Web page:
England face uphill battle to save Test

Australia

England reached stumps on day three of the first Ashes Test in Brisbane in a precarious position, recording 24 for two and still trailing the hosts by a nigh-impossible 537 runs with two days to go at the 'Gabba.

England reached stumps on day three of the first Ashes Test in Brisbane in a precarious position, recording 24 for two and still trailing the hosts by a nigh-impossible 537 runs with two days to go at the 'Gabba.

Australia declared their second innings on 401 for seven an hour before stumps, holding a mammoth lead of 560 runs and giving England 15 overs to face at dusk. Michael Carberry and Jonathan Trott both fell for single figures.

Centuries from Michael Clarke and David Warner were the highlights on day three, as the England attack found themselves treated like ODI net bowlers by that duo, as well as by Brad Haddin and Mitchell Johnson before the declaration.

The hosts started the day on 65 for none and holding a lead of 224 already, after bowling England out for 136 on day two. Warner was on 45 overnight, and Chris Rogers on a very supportive 15 off 70-odd balls.

Rogers did not last long in the morning, adding just one run to his tally before becoming Stuart Broad's seventh wicket of the match, caught by Carberry. Shane Watson departed soon after, caught for six off Chris Tremlett.

This left Warner and the skipper to continue building a lead that would be almost impossible to chase unless an England batsman stuck around for two days. Warner reached lunch on 83, while Pup was on 34.

The afternoon session saw both men record fairly quick centuries, with Warner's coming off 134 balls and Clarke's off just 115 deliveries. Warner's was his maiden Ashes ton, and his delight was obvious, given his trials this past year.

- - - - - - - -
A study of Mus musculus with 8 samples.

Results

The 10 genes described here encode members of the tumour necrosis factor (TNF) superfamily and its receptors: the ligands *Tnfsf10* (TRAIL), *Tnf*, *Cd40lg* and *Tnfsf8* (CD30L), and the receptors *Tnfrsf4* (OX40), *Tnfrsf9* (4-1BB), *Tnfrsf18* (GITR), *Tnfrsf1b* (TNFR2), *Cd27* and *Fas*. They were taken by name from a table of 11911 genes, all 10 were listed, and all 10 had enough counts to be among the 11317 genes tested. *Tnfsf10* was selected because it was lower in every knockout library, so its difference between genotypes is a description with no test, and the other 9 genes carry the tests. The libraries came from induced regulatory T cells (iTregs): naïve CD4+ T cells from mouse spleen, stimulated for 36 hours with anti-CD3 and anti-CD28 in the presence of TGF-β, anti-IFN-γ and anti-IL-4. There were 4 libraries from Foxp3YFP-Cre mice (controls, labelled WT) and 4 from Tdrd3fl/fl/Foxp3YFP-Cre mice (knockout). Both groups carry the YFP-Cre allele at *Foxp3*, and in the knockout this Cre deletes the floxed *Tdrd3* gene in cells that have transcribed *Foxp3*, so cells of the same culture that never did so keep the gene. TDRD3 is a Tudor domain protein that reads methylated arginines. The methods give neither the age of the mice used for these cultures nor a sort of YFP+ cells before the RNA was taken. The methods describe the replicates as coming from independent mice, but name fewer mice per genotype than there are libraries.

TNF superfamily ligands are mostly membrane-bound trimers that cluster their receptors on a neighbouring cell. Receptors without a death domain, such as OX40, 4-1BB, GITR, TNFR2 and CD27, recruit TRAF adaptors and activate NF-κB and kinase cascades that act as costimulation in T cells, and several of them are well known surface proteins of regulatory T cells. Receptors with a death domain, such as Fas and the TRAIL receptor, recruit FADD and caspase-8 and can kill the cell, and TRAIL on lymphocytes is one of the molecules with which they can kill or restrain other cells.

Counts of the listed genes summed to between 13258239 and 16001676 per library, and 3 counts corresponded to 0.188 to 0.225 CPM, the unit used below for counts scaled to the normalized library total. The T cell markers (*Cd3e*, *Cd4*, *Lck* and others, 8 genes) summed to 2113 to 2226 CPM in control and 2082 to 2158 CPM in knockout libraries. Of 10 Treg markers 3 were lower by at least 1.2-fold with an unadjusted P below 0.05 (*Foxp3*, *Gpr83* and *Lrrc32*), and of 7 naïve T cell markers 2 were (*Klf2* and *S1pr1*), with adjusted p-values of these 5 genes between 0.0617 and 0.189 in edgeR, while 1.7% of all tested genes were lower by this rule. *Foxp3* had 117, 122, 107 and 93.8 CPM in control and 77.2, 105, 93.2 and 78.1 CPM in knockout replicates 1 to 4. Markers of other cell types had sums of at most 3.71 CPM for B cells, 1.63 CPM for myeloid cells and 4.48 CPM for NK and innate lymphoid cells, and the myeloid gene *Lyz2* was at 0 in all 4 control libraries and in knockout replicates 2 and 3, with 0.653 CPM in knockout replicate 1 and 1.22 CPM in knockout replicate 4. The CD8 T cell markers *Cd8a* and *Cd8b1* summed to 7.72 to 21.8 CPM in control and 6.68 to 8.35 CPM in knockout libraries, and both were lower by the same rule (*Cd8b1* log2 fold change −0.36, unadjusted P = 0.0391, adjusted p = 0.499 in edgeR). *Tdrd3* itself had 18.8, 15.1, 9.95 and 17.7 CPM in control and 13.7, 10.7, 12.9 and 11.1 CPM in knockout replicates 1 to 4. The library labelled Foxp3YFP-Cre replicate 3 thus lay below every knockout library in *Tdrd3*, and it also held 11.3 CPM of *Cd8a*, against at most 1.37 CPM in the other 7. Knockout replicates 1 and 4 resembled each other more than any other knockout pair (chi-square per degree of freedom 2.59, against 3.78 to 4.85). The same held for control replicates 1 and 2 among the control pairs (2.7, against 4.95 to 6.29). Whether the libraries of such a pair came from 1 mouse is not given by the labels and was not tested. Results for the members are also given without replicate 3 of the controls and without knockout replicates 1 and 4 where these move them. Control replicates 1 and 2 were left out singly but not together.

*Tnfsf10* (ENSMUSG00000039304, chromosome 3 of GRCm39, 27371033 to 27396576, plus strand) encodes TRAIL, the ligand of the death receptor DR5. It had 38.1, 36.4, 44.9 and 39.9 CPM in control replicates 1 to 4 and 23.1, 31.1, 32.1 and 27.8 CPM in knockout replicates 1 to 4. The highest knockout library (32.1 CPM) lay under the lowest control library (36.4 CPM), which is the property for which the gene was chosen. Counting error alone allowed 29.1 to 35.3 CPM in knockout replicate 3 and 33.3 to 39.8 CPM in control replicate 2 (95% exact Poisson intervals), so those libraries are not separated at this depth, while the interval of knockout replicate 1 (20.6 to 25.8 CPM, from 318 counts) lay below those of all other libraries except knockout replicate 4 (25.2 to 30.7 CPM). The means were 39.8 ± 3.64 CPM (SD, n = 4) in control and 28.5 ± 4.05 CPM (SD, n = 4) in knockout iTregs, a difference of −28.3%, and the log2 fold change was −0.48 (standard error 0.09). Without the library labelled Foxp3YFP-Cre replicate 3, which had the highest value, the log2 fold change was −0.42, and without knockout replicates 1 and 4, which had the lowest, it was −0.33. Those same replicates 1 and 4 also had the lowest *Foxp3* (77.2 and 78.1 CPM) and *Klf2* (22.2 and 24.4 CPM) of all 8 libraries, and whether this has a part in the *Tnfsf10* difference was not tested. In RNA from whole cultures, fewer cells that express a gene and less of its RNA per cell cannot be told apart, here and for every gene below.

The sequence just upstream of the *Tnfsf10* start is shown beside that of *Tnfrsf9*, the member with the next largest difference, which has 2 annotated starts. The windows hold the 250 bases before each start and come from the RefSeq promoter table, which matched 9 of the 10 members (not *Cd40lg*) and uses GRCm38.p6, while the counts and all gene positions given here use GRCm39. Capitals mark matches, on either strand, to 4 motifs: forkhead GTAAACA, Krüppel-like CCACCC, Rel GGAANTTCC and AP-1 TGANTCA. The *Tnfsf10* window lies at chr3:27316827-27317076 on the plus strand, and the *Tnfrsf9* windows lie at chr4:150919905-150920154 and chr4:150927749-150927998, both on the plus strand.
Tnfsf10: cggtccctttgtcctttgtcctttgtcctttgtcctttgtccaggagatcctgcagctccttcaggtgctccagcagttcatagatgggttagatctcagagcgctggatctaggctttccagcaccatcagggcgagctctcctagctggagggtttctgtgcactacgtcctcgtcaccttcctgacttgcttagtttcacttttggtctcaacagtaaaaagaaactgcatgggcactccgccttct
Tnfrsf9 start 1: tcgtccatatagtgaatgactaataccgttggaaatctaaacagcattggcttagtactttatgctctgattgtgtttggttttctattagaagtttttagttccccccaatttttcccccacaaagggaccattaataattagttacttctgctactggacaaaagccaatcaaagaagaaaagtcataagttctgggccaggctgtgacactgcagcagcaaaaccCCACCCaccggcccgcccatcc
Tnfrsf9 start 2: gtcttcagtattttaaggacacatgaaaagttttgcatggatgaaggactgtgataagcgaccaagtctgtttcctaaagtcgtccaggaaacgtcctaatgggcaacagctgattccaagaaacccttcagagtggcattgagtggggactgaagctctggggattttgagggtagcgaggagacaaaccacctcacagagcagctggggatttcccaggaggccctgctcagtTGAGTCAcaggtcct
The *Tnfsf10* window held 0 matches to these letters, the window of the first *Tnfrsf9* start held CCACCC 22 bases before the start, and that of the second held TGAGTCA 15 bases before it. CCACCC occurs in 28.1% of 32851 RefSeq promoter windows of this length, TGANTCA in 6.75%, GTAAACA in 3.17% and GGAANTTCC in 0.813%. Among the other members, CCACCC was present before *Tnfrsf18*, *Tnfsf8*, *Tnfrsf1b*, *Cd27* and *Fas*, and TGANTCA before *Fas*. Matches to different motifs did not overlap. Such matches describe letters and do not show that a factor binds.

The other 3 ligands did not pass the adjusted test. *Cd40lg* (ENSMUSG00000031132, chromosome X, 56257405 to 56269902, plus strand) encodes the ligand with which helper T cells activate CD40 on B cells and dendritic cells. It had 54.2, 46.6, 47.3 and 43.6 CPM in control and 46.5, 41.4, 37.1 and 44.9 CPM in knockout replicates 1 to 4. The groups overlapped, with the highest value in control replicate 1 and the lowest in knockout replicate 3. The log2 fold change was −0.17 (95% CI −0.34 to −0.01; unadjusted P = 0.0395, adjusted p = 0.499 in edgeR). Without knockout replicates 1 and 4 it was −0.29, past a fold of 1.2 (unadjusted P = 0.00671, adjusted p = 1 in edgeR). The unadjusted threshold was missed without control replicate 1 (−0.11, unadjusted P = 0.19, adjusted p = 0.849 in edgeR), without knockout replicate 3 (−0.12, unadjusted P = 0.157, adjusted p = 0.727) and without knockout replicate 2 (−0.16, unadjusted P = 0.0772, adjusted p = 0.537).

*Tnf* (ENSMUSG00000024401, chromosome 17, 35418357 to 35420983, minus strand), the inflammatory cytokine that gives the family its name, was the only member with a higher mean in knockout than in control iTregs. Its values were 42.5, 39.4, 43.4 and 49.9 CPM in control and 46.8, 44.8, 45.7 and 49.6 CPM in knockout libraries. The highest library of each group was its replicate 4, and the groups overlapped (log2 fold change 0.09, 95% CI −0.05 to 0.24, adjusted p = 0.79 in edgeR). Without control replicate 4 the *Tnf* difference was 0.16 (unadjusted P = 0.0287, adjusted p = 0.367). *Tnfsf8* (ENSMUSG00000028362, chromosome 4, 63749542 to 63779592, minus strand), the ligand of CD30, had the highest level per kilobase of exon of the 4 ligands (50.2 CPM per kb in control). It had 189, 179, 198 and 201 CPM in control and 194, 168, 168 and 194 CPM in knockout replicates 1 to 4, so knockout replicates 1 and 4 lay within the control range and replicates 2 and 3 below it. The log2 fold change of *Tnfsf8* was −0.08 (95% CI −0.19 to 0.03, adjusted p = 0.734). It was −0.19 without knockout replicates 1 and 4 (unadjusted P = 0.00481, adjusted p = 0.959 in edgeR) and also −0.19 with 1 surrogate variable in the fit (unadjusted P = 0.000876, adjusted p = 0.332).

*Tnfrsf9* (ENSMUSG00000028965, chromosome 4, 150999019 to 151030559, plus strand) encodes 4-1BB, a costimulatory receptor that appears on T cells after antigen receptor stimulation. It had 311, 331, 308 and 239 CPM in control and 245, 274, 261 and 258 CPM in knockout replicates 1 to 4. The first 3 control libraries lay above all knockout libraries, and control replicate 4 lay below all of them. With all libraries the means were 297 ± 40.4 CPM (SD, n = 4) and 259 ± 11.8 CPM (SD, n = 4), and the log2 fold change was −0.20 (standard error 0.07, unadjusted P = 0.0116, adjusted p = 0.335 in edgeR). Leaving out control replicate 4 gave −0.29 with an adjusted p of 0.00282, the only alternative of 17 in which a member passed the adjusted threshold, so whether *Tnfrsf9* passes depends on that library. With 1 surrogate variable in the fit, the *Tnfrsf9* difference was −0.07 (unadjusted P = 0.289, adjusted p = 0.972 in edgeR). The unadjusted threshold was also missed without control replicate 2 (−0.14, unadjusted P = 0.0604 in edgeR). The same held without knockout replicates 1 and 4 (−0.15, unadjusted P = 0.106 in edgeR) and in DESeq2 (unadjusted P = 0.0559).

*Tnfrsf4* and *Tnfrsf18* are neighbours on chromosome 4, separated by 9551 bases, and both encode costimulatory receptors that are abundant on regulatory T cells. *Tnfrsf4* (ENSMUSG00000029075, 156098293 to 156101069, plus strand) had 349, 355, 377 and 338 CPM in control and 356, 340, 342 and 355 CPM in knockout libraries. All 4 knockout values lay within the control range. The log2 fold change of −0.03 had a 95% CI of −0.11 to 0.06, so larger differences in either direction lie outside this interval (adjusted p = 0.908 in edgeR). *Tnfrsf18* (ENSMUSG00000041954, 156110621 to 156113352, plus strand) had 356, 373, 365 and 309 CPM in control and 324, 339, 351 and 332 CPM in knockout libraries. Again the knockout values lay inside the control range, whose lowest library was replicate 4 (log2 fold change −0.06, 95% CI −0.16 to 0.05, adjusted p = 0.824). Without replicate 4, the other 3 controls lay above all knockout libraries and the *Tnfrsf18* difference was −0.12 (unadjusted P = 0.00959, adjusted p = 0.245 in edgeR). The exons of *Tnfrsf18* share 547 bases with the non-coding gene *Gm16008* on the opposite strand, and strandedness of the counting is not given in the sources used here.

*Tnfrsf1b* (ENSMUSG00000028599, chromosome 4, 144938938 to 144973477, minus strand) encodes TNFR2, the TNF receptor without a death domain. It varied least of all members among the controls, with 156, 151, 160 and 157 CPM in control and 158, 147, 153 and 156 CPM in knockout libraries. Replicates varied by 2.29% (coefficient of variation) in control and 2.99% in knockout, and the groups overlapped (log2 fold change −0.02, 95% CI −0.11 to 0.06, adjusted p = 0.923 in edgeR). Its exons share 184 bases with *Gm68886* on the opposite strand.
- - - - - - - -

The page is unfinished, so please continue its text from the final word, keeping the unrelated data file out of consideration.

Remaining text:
He struck 13 fours and a six by the time he departed, having made 124 runs before edging Broad behind to Matt Prior. Steve Smith followed soon afterwards, to Tremlett for a duck.

This left Clark and fellow skipper, and debutant, George Bailey to further the knock. Clarke brought up his ton with a three to take him to 99 and then a single a few balls later, his fifth triple-figure Test score at this ground.

He lasted only 13 more runs though, before coming down the track to Swann and finding his bails dislodged as he missed the ball. Bailey, meanwhile, was lucky twice, as he was dropped by Ian Bell at short leg, and then umpire's call saved him from a close LBW dismissal.

After tea, Bailey and Haddin continued to push the pace, taking the lead to the 500 mark before the debutant was dismissed for 34, bowled by Swann. This was the spinner's 250th Test wicket, the third-fastest spinner to reach that tally for England.

Haddin and Johnson put on 90 for the seventh wicket, at a whopping six runs to the over, and Haddin recorded his second fifty of the match, the first time he had made two half tons in one game.

Johnson added 39 not out to the half ton he made in the first innings, off 45 balls, before Clarke called the batsmen back to the dressing room. No team has ever scored more than 541 runs to win any first class match, and the Test record is 418.

With that in mind, England got off to the worst possible start as the flood lights came on. Carberry was bowled by Ryan Harris for a duck in the second over, before Trott made just nine runs and then swiped a Johnson delivery to Nathan Lyon at mid wicket.

This left Alastair Cook (11) and Kevin Pietersen (3) to see out the evening, and KP nearly ran his skipper out as soon as he got to the middle. Luckily for them, a fumble in the field saw the bails dislodged by hands rather than the ball.